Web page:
Property: Doctor On The House: Right, said Fred, let's have a spliff and drop an E

Drugs, who needs them? The boys who work in the construction industry, says Jeff Howell
Click to follow
The Independent Online
In case you were wondering about this column's position on the cannabis campaign, I am pleased to report that drug-taking in the building industry is at an all-time high. For years now, cannabis has been the drug of choice for the manual trades.

There should be no surprise about this - most building workers are males aged 16 to 35, so their drug-taking habits are the same as any other group of their generation - students, footballers, social workers. Howard Marks reckons the British consume around three tons of cannabis every day, and it stands to reason that 1 million construction workers must account for some of that.

An added incentive for building workers to take drugs has been the crackdown on lunchtime drinking, which is clearly a good thing; no one wants people charging around the scaffolding after three pints of lager. But, as anthropologists have discovered, young men always want to get out of their crusts on something, so other recreational drugs can be found on building sites.

Brickies and hod-carriers can often be seen smoking hash in little roll- ups. The tobacco/drug ratio is usually about 99 to one, so there is no fall in productivity; in fact, the net result probably favours the employer. Where a brickie would have savoured a leisurely fag under the eyes of the foreman, with a spliff he is far more furtive - one puff and straight back to work. It's the back-of-the-bikesheds scenario all over again. When it's legalised we'll miss all of that.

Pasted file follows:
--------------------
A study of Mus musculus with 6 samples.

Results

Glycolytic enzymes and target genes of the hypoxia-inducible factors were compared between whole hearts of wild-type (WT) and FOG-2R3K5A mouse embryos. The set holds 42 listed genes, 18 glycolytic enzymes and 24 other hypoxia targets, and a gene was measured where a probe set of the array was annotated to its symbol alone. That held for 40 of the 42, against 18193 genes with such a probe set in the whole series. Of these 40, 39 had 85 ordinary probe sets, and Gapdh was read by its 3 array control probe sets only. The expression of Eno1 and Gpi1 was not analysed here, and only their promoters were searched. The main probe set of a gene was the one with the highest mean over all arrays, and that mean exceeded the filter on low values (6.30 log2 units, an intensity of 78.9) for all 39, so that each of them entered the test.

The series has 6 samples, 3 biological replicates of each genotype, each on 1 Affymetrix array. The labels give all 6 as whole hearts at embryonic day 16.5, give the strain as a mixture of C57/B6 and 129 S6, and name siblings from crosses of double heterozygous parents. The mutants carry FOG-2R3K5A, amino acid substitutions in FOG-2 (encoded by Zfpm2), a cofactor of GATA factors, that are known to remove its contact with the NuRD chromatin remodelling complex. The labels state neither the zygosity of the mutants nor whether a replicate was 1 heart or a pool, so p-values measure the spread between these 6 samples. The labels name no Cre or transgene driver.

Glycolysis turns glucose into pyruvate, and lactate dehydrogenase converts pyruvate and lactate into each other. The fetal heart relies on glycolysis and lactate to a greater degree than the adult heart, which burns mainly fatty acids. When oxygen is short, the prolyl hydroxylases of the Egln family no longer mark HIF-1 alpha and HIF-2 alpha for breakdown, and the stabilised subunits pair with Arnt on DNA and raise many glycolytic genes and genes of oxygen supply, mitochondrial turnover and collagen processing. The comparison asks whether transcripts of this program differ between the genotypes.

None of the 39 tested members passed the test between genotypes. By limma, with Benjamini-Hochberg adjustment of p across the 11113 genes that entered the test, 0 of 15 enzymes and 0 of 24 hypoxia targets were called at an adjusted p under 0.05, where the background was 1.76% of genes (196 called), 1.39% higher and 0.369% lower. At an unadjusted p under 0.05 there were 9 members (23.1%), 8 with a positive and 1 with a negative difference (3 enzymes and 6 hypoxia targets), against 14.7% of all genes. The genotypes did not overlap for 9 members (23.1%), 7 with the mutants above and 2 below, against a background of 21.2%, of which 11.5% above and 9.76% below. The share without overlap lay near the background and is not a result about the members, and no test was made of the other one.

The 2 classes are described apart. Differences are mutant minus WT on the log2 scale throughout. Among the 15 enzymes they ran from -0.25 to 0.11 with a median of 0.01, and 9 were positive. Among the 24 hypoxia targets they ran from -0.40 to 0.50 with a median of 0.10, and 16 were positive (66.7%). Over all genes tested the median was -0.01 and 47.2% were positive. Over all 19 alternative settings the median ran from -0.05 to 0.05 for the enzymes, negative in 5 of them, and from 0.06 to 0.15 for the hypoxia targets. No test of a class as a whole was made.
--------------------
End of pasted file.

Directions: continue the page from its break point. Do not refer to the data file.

Painters, too, are fond of the weed, and with such a monotonous job, who can blame them. Or maybe they see themselves as creative types; after all, there is an honourable history of painters taking mind-expanding drugs - Van Gogh saw those sunflowers in a different light after an afternoon on the absinthe - or was it lead poisoning from licking his paint brushes?

Some labourers take amphetamines, and there are many others who don't, but probably should. The problem with speed is that it can turn them into gibbering idiots; they turn up with the bricks at double quick time, but then stand there yakking on about music or football and forget to go back for the next load.

Plasterers also favour stimulants rather than hallucinogens; the nature of their work demands quick bursts of activity before the plaster starts to set, so speed and cocaine are popular with plastering gangs. Some of the highest-earning spreads use speed and cocaine, but I've never been quite sure whether it's the drugs that make them work fast, or whether they have to work fast to earn the money to pay for the drugs.

Ecstasy is the big drug at the moment, and there are clearly lots of people walking around on site smiling far too much. It is debatable whether they are taking E in order to further their appreciation of shovelling concrete, however. Most of them look as if they have come to work straight from last night's rave. A building contractor mate of mine, who used to sack labourers for turning up late for work, nowsacks the ones who arrive too early. He says he'd sooner have guys with hangovers than ravers still tripping. So who says the construction industry is lax about health and safety?

q You can contact Jeff Howell at the Independent on Sunday or by e-mail on: Jeff@doctoronthehouse.